Today the Trump Administration sent a letter notifying Congress of its intent to renegotiate NAFTA.  The notification was required by the Bipartisan Congressional Trade Priorities and Accountability Act of 2015 (TPA).  By complying with this and other requirements in TPA, legislation required to implement a renegotiated NAFTA will be subject to streamlined procedures in Congress.

The Administration may now initiate negotiations with Canada and Mexico 90 or more days after sending the letter.  The Administration is required by TPA to continue to consult with the House Ways & Means Committee and the Senate Finance Committee, as well as the House Advisory Group on Negotiations and the Senate Advisory Group on Negotiations.  In addition, at least 30 days before initiating negotiations, a detailed and comprehensive summary of the negotiation’s specific objectives and how a renegotiated NAFTA would further those objectives and benefit the United States must be published on the U.S. Trade Representative website.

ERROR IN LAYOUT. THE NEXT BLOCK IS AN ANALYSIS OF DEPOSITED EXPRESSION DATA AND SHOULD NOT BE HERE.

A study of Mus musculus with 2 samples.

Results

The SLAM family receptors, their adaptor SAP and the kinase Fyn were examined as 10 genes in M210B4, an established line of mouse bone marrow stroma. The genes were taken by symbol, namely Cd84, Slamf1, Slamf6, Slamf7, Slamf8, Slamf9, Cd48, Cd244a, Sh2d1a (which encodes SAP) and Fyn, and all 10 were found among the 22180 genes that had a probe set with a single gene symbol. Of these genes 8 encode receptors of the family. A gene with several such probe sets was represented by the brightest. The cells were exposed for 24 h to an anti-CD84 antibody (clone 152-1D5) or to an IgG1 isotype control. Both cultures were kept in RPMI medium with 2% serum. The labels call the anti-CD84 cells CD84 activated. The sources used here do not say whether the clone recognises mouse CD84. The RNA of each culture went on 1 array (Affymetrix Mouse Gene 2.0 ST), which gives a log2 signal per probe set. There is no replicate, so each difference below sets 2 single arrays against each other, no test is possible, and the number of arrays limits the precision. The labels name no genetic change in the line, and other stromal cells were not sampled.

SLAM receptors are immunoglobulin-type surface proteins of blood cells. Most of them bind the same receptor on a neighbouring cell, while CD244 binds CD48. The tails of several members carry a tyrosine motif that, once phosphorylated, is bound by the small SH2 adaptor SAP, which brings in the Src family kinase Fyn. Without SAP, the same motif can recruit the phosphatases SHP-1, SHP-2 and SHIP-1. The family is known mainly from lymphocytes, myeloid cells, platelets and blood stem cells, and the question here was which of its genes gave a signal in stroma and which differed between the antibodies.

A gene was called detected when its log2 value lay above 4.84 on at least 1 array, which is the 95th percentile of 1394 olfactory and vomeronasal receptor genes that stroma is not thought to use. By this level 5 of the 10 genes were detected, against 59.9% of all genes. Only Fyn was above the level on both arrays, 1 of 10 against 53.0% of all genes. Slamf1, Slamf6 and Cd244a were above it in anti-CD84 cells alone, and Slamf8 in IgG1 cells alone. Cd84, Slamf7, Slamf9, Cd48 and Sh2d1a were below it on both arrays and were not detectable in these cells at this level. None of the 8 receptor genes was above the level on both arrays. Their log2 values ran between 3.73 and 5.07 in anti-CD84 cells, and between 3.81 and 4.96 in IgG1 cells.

Unlike the draft of the letter that was leaked several weeks ago, the notification letter does not give much detail on the Administration’s objectives in renegotiating NAFTA other than to update and modernize the agreement.  The letter says that the Administration will seek new provisions to address intellectual property rights, regulatory practices, state-owned enterprises, services, customs procedures, sanitary and phytosanitary measures, labor, environment, and small and medium enterprises.  The Administration earlier raised concerns about NAFTA’s rules of origin provisions and dispute mechanism for trade remedy cases, but neither are mentioned in the letter.

The Administration has said that a renegotiated NAFTA will be the template for future agreements, possibly with the United Kingdom and Japan.  Thus, it will be important for interested parties to engage in the negotiations, even if their issues are not prominent in NAFTA.